Authority, accountability impact organizational standards

By Navy Capt. Kevin Byrne Naval Nuclear Power Training Command, commander

As an organization, the military reflects every aspect of society.  Collectively we are Sailors, Soldiers, Guardsmen and Airmen from all walks of life.  Our societal cross section and diversity are what makes us the World Class organization we are.  The fact that we mimic societal norms was made crystal clear to me recently during a conversation with a family friend.  The specifics of his experience are not relevant but I will summarize for context:  Over the course of the academic year at his son’s school a group of students began to congregate at a certain location between classes.   They came together for reasons any group of teenagers would. However, over time, the group grew larger and more aggressive in standing their ground.  As a result, they were impeding foot traffic, preventing other students from making it to class on time, if they had to pass through that part of the school. The school staff did not take prompt action to correct the situation.  The questions posed by this young man were twofold and easily translate to military life:  Why did the students think their behavior was acceptable and why didn’t organizational leaders address the problem?  My short answer: establishing standards, exercising/delegating authority and holding individuals accountable is hard.

 In the military, we often equate the word “accountability” with non-judicial punishment (NJP).  Although I would submit it is much more than that.  At its most basic level, accountability is as simple as engaging each other in conversation.  For example, if a co-worker is late to work, someone should ask what happened.  That one, simple interaction will highlight the expectation for our people to be at work  on time. The second effect of a discussion such as the one I described is reinforcement throughout the workplace of the expected level of performance within the organization – establishing a standard.  Something as simple as a questioning attitude can have a long standing impact on an organization.  In an environment where individuals are not held accountable, the standard of behavior will decline.  The change occurs slowly, over time but the end result is a low performing organization where personal opinions or desires override established standards.   If you, as a leader, find yourself using NJP as your primary enforcement tool to ensure standards are being met, your leadership team has failed.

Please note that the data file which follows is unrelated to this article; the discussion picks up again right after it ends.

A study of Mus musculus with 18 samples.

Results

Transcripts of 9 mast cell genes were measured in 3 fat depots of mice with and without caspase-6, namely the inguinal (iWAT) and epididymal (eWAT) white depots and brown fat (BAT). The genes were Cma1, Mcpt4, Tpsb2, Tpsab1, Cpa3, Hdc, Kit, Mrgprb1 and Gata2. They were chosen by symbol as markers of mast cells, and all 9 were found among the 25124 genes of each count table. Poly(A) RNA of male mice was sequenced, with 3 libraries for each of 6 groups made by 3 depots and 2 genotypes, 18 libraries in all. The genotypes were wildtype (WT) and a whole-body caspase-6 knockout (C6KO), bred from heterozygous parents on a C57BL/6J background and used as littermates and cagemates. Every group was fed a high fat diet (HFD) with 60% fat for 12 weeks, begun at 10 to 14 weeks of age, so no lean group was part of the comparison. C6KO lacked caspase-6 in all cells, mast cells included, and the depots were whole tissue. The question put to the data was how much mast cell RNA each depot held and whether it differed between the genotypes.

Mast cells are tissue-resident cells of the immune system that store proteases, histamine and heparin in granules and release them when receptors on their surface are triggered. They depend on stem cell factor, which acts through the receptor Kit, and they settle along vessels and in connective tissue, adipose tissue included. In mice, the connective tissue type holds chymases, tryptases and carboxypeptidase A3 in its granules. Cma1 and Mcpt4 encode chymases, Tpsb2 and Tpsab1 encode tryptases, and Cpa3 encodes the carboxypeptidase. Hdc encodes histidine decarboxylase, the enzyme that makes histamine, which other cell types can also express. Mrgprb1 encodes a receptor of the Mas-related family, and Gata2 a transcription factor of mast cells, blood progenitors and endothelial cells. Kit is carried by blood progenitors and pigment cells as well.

How do you improve performance and avoid this pitfall?  Start by establishing standards and expectations; followed closely by empowering leadership at all levels to take action to uphold those standards.   Trust your subordinates to do the right thing.  Once a decision is made, as long as it is sound, you should support their decision and not undermine their authority. 

As members of the United States military, we are part of one of the finest organizations in the world.  In our culture, we are all military professionals who treat each other with respect and we have a code of conduct we are expected to follow.  Most importantly, each one of us is entrusted with the responsibility to uphold standards and hold each other accountable for our actions.  Standards, authority and accountability are key tenets of our culture.